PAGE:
Clinical characteristics of patients with thyrotropin-secreting pituitary adenoma.J Formos Med Assoc. 2003 Mar; 102(3):164-71.JF
BACKGROUND AND PURPOSE
Thyroid-stimulating hormone (thyrotropin, TSH)-secreting pituitary adenoma is a very rare cause of hyperthyroidism. Diagnosis of this condition is often delayed due to lack of availability of TSH radioimmunoassay (RIA), the failure to recognize the utility of RIA and the incorrect attribution of the condition to other causes of thyrotoxicosis. This retrospective study analyzed the clinical characteristics of patients with this disorder treated from 1991 to 2002.
Seven patients (6 females, 1 male; mean age, 48 years; range, 33 to 72 years) with a diagnosis of TSHsecreting pituitary adenoma based on detectable TSH levels with high serum free thyroid hormone or triiodothyronine concentrations and pituitary lesions found on neuroimaging were included in this study. Patient records including clinical features, endocrine studies, immunohistochemistry studies, and response to treatment were reviewed.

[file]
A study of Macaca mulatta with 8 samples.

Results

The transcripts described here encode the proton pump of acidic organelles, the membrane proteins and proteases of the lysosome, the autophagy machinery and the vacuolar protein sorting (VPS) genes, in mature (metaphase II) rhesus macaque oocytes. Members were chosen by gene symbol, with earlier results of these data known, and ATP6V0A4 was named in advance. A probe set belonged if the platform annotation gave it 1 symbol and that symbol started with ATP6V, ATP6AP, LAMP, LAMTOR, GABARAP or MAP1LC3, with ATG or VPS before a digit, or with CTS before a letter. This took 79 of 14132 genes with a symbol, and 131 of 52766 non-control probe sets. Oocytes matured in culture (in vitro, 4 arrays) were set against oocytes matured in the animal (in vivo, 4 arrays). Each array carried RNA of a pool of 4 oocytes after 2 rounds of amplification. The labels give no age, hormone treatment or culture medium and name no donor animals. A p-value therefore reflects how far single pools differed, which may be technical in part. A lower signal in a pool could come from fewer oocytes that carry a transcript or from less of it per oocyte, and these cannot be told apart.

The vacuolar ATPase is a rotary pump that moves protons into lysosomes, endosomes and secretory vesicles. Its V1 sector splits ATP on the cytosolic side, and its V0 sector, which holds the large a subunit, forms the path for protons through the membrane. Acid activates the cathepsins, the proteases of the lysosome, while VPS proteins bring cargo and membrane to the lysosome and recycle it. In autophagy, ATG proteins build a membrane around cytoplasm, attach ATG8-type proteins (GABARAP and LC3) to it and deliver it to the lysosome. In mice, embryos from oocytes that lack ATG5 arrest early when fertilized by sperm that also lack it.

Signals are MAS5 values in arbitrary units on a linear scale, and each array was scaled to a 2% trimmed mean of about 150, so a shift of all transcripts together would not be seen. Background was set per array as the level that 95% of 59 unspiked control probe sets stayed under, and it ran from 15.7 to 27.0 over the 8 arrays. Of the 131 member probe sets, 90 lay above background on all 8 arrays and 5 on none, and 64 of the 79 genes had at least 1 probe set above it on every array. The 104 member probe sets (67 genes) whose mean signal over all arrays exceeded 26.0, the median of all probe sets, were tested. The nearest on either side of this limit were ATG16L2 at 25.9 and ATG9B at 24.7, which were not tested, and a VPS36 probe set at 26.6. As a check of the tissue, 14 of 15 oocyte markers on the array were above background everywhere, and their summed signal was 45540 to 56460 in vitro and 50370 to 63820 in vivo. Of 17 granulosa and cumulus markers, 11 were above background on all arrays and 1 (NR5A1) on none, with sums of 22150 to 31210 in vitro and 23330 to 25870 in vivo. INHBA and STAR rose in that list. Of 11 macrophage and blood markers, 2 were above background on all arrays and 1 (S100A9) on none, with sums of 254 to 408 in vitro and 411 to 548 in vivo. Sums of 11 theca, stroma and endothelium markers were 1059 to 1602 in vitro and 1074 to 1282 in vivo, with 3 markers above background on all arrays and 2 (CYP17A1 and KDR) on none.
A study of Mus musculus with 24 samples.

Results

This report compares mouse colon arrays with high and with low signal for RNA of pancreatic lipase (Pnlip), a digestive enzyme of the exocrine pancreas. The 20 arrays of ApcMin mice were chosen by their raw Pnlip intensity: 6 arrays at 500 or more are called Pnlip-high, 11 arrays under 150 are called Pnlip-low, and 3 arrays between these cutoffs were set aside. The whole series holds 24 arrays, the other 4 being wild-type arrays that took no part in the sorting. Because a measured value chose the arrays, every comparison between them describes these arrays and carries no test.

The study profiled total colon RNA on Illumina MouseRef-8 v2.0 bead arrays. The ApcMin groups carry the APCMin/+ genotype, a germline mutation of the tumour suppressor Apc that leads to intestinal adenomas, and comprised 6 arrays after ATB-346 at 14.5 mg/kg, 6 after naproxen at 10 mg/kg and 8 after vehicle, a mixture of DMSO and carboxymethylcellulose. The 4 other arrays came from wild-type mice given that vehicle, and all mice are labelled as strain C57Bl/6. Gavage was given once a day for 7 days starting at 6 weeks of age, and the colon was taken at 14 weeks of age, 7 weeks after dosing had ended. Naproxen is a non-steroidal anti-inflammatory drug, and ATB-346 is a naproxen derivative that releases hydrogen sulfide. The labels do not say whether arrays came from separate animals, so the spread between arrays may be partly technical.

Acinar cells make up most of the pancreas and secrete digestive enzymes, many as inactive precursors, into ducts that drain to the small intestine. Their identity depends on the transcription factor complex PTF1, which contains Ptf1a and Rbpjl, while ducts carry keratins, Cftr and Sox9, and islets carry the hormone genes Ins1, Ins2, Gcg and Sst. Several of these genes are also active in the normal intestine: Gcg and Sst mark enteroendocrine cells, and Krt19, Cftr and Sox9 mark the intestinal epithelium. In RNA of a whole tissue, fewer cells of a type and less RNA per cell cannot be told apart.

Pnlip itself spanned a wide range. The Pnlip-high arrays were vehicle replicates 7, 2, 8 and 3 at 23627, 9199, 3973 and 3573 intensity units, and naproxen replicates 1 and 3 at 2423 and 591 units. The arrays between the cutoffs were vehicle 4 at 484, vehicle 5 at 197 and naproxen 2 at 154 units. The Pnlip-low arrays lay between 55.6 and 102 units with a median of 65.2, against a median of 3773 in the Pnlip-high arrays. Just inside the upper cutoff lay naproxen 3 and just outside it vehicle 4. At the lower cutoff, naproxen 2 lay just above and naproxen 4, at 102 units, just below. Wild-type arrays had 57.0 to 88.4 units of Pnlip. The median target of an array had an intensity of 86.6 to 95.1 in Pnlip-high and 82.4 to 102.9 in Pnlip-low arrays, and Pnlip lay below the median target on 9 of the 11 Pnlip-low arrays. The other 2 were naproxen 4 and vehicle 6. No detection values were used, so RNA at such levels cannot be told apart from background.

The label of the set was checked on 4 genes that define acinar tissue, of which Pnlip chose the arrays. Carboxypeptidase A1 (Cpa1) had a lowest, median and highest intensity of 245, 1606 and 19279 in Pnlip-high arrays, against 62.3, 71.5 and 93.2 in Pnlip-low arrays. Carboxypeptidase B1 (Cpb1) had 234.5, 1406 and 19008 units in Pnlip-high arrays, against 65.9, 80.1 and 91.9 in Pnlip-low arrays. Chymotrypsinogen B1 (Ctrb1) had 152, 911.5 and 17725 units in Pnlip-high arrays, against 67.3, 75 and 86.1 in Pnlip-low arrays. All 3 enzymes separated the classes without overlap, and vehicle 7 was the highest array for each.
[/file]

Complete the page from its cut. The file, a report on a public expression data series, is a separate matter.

All 7 patients had hyperthyroidism, elevated free thyroxine or triiodothyronine levels, and unsuppressed levels of TSH. Imaging studies demonstrated a pituitary mass or lesion in all patients. Six patients had macroadenomas and 1 patient had a microadenoma. One of the patients had coexisting acromegalic features and hypersecretion of growth hormone was diagnosed. All of the patients had been treated with thionamides or thyroidectomy for presumed primary hyperthyroidism. Serum alpha-subunit level was uncharacteristically normal in 2 patients and elevated in 1 patient. Alpha-subunit/TSH molar ratios were elevated in 3 patients. Five patients underwent transsphenoidal adenomectomy but only one of them remained well-controlled at follow-up. Three patients received administration of somatostatin analogs and they achieved normalization of serum TSH and free thyroid hormones during the period of therapy.
TSH immunoassay has an important role in the evaluation of hyperthyroid patients to determine the presence of inappropriate secretion. TSH-secreting pituitary adenoma exhibits heterogeneity in clinical presentation, hormonal expression and therapeutic response.